Abstract

This paper discusses experimental design for the case that (i) we are given a distribution of covariates from a pre-selected random sample, and (ii) we are interested in the average treatment effect (ATE) of some binary treatment. We show that in general there is a unique optimal non-random treatment assignment if there are continuous covariates. We argue that experimenters should choose this assignment. The optimal assignment minimizes the risk (e.g., expected squared error) of treatment effects estimators. We provide explicit expressions for the risk, and discuss algorithms which minimize it. The objective of controlled trials is to have treatment groups which are similar a priori (balanced), so we can ``compare apples with apples.'' The expressions for risk derived in this paper provide an operationalization of the notion of balance. The intuition for our non-randomization result is similar to the reasons for not using randomized estimators - adding noise can never decrease risk. The formal setup we consider is decision-theoretic and nonparametric. In simulations and an application to project STAR we find that optimal designs have mean squared errors of up to 20% less than randomized designs and up to 14% less than stratified designs..

  • Handle: RePEc:qsh:wpaper:36154

    1. Carneiro, Pedro & Lee, Sokbae & Wilhelm, Daniel, 2016. "Optimal Data Collection for Randomized Control Trials," IZA Discussion Papers 9908, Institute for the Study of Labor (IZA).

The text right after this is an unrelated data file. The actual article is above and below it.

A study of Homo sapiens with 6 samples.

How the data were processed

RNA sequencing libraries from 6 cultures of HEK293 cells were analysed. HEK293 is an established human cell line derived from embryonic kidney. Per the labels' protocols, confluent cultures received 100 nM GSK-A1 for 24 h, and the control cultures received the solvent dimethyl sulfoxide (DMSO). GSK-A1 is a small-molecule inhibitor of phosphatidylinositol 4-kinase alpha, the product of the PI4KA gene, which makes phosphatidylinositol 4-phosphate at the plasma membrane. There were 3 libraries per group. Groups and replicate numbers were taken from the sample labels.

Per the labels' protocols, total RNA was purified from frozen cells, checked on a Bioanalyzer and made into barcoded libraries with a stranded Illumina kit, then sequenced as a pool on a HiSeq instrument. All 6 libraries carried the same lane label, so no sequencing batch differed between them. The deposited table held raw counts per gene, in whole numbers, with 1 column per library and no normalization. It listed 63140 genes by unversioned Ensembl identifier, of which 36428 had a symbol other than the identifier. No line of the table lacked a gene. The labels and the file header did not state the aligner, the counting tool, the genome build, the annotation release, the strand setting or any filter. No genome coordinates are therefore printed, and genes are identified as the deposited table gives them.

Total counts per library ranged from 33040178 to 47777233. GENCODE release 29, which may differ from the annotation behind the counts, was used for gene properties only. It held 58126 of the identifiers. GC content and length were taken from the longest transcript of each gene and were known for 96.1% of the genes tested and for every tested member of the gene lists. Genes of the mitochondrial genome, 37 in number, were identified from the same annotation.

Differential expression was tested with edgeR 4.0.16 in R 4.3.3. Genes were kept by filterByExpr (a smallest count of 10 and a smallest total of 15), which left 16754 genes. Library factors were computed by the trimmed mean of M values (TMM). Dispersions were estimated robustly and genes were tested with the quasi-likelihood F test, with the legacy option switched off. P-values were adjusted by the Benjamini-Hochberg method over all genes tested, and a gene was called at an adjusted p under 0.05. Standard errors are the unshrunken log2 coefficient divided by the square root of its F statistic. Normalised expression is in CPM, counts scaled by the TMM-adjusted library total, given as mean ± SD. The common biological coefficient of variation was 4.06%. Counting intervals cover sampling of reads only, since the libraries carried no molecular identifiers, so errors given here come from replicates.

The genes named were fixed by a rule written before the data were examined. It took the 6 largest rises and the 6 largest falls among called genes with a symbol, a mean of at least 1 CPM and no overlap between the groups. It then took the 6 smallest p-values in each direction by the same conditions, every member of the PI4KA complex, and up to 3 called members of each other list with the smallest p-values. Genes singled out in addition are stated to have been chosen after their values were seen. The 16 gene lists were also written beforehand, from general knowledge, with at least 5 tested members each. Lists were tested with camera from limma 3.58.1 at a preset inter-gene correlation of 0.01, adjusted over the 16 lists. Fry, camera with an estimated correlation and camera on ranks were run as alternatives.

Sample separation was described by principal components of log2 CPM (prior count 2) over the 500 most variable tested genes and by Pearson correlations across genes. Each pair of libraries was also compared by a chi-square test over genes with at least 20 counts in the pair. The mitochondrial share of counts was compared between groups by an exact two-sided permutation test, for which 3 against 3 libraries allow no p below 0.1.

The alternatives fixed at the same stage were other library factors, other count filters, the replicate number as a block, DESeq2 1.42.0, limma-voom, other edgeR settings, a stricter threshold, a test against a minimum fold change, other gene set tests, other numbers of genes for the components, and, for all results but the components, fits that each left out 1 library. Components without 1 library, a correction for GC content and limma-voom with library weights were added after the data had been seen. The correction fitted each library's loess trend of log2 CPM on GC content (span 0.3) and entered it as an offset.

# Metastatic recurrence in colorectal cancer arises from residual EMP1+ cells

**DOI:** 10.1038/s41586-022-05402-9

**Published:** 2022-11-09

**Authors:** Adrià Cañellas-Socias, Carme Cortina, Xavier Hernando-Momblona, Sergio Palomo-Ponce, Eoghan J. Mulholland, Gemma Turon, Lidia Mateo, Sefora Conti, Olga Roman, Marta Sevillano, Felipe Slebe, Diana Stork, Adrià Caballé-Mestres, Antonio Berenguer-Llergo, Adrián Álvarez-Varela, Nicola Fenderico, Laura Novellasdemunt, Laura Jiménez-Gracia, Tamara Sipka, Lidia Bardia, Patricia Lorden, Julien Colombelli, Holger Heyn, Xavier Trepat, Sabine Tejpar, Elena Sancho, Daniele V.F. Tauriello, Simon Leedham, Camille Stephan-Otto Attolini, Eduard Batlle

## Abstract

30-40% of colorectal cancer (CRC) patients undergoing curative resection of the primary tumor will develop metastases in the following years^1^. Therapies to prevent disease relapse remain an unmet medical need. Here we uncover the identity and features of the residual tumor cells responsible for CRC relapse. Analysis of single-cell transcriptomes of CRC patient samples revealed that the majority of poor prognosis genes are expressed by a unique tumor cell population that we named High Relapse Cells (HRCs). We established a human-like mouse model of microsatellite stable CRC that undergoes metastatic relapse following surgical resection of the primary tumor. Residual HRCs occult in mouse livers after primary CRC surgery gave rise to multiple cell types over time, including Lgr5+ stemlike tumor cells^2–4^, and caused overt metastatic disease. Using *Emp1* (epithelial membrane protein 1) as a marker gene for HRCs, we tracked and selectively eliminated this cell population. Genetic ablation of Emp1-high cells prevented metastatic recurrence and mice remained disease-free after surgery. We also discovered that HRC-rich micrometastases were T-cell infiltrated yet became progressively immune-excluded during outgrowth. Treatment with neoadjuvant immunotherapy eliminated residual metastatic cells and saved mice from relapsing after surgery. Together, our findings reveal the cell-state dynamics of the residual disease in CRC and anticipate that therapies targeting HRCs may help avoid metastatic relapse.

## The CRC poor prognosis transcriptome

2. Timothy B. Armstrong & Shu Shen, 2013. "Inference on Optimal Treatment Assignments," Cowles Foundation Discussion Papers 1927RR, Cowles Foundation for Research in Economics, Yale University, revised Apr 2015.
    3. Abhijit Banerjee & Sylvain Chassang & Erik Snowberg, 2016. "Decision Theoretic Approaches to Experiment Design and External Validity," NBER Working Papers 22167, National Bureau of Economic Research, Inc.
    4. Aufenanger, Tobias, 2017. "Machine learning to improve experimental design," FAU Discussion Papers in Economics 16/2017, Friedrich-Alexander University Erlangen-Nuremberg, Institute for Economics.
    5. Timothy B. Armstrong & Shu Shen, 2013. "Inference on Optimal Treatment Assignments," Cowles Foundation Discussion Papers 1927R, Cowles Foundation for Research in Economics, Yale University, revised Apr 2014.
    6. Moshe Justman, 2016. "Economic Research and Education Policy: Project STAR and Class Size Reduction," Melbourne Institute Working Paper Series wp2016n37, Melbourne Institute of Applied Economic and Social Research, The University of Melbourne.
    7. Roland G. Fryer, Jr, 2013. "Information and Student Achievement: Evidence from a Cellular Phone Experiment," NBER Working Papers 19113, National Bureau of Economic Research, Inc.
    8. Timothy B. Armstrong & Shu Shen, 2013. "Inference on Optimal Treatment Assignments," Cowles Foundation Discussion Papers 1927, Cowles Foundation for Research in Economics, Yale University.
    9. Abhijit Banerjee & Sylvain Chassang & Sergio Montero & Erik Snowberg, 2017. "A Theory of Experimenters," NBER Working Papers 23867, National Bureau of Economic Research, Inc.
    10. Abhijit Banerjee & Sylvain Chassang & Sergio Montero & Erik Snowberg, 2017. "A Theory of Experimenters," CESifo Working Paper Series 6678, CESifo Group Munich.
    11. Aufenanger, Tobias, 2017. "Treatment allocation for linear models," FAU Discussion Papers in Economics 14/2017, Friedrich-Alexander University Erlangen-Nuremberg, Institute for Economics.